ST. LOUIS — The leader of the St. Louis Metropolitan Pandemic Task Force said recent vaccine news is a cause for hope, but months of work are still needed to limit the spread of the coronavirus.
"It's is a ray of hope in a dark world, but we can't become complacent," Dr. Alex Garza said in a Friday afternoon briefing. "We have a long way to go to get to that place where we can change the course of this war on COVID."
Dr. Garza said it will take months to distribute enough vaccines to start to end the pandemic. He said staying focused on the next few months will be vital in preventing coronavirus-related deaths and illness until enough people can be vaccinated.
Dr. Garza said the region is not making significant progress in the "war against the virus", which is putting pressure on the health care system. On Friday, the task force said ICUs in the area are at 90% of their total staffed bed capacity, and total hospital capacity was at 82%.
"The pressure the war is putting on our health care systems is dangerous for everybody in the entire region," Dr. Garza said, "and every day, that pressure puts more and more people at risk."
On Friday, Dr. Garza reiterated that gathering with people who live in separate houses will contribute to the spread of the virus. He said it was particularly concerning with the upcoming holidays.
"Traveling, shopping in crowded stores, going to parties and gatherings with people from multiple households all give the virus a chance to spread and make things worse for all of us," Dr. Garza said. "So do what you can to protect you and your family: don't travel, plan to celebrate at home with the people you live with, stay home as much as you can, look for ways to support you local businesses, though ... and wear a mask whenever you're outside your home."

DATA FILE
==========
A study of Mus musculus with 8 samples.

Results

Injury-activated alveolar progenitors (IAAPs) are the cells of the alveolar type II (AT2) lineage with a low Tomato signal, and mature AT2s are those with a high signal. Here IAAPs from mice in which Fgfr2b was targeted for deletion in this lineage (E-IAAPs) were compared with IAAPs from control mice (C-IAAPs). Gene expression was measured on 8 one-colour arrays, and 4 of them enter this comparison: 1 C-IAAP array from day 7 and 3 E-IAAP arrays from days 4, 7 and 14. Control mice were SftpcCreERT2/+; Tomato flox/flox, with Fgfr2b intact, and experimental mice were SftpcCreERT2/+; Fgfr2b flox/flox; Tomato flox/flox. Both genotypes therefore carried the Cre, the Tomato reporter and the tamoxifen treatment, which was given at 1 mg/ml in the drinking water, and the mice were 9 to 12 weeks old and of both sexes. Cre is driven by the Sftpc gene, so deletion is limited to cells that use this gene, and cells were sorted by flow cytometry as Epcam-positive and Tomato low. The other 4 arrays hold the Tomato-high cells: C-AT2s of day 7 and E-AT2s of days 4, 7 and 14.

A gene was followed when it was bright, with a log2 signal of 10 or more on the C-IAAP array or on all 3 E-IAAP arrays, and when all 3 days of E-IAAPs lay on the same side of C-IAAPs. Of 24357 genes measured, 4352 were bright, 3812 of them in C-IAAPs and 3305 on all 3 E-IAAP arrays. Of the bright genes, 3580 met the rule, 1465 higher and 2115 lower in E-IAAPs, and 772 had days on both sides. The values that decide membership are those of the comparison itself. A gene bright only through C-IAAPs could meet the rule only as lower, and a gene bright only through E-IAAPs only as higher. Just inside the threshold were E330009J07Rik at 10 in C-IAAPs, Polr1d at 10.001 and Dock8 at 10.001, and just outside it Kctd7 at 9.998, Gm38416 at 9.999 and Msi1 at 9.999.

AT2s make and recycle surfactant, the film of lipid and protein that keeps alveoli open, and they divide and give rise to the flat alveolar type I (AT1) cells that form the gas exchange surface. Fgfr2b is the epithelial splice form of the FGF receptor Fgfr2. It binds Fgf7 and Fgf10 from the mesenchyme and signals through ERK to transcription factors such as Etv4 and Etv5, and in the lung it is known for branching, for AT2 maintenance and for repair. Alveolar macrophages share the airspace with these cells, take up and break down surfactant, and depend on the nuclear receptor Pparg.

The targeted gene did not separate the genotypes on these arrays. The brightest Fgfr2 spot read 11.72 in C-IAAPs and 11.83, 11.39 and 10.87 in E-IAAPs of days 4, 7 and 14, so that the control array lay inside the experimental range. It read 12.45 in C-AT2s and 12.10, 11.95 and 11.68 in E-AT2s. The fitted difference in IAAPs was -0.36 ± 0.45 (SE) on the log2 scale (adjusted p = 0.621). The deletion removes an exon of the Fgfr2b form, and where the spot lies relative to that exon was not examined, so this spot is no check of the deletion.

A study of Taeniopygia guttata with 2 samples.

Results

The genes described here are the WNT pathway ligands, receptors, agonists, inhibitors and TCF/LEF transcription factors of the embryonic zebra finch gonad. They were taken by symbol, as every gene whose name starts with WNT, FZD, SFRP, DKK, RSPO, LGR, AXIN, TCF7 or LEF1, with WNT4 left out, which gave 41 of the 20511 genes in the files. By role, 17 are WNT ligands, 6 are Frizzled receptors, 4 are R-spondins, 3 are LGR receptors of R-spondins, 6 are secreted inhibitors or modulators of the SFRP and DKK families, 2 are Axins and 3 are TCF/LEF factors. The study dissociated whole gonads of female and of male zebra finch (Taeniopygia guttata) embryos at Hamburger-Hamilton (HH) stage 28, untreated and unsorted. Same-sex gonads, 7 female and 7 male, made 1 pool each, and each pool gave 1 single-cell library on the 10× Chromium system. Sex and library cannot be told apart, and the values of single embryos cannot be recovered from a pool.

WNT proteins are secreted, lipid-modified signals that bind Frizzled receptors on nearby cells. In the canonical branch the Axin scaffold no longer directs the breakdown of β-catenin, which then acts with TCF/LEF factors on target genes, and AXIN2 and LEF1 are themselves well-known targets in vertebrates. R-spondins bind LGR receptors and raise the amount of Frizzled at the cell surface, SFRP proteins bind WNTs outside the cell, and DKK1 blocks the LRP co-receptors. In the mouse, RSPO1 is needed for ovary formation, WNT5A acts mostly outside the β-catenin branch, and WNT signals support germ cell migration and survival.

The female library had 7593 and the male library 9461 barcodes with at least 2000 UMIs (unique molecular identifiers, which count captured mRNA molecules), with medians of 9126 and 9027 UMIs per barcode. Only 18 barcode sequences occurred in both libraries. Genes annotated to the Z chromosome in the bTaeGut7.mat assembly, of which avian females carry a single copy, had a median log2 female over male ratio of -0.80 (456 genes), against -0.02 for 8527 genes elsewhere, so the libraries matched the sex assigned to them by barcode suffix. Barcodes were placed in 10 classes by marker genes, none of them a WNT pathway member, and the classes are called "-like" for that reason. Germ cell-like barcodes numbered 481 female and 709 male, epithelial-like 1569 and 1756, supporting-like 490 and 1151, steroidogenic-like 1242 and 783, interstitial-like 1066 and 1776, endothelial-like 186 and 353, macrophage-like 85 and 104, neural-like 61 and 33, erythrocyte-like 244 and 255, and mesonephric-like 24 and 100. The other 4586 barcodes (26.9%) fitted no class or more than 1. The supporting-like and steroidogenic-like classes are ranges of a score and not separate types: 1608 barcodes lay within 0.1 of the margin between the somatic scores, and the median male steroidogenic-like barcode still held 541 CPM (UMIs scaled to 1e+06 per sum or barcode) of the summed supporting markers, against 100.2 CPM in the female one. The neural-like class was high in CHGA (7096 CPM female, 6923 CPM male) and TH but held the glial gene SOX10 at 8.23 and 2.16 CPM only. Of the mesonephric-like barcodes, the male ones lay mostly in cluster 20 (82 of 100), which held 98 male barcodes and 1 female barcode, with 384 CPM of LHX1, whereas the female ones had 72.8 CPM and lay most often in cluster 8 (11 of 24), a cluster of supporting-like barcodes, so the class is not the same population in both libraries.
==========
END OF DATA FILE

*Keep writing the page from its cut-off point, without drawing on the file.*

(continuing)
The following data are the combined figures from the four major health systems (BJC HealthCare, Mercy, SSM Health, St. Luke’s Hospital) that are part of the task force, for Dec. 11.
- New hospital admissions (data lagged two days) increased from 110 yesterday to 134 today.
- The seven-day moving average of hospital admissions (data lagged two days) increased – from 116 yesterday to 119 today.
- The seven-day moving average of hospitalizations decreased from 888 yesterday to 887 today.
- Inpatient confirmed COVID positive hospitalizations decreased – from 898 yesterday to 889 today.
- Inpatient suspected COVID positive hospitalizations decreased – from 93 yesterday to 77 today.
- The number of confirmed COVID positive patients in the ICUs increased – from 192 yesterday to 197 today.
- The number of confirmed COVID positive patients on ventilators remained the same at 123 today.
- The number of COVID deaths decreased – from 24 yesterday to 20 today.
- The seven-day moving average of COVID deaths decreased – from 22 yesterday to 21 today.
- Across the system hospitals, 146 COVID-19 patients were discharged to home yesterday, bringing the cumulative number of COVID-19 patients discharged to 12,252.
- Today, staffed bed hospital capacity is at 82%, an average across our task force hospitals. The ICU’s are at 90% of their total staffed bed capacity.
In Missouri, the health department reported 338,604 cases and 4,481 deaths as of Friday, a single-day increase of 3,900 cases and 31 deaths.
The state also reported 22,893 new PCR tests in the last 24 hours, bringing the state's total to 3,292,575.
The state's dashboard said the 7-day positivity rate was 18.7%, down slightly from Thursday.
In Illinois, the health department reported 832,951 cases and 14,050 deaths as of Friday, a single-day increase of 9,420 cases and 189 deaths.
The department also reported 104,448 new PCR tests, bringing the total number of tests reported to 11,586,296.
Illinois' 7-day average positivity rate has been decreasing slowly over the last week, and the positivity rate on Friday was 9.4%.
In the Metro East, the positivity rate was 14.5%, which was down from 15.2% reported the previous day. The positivity rate comes from the state's regional data dashboard.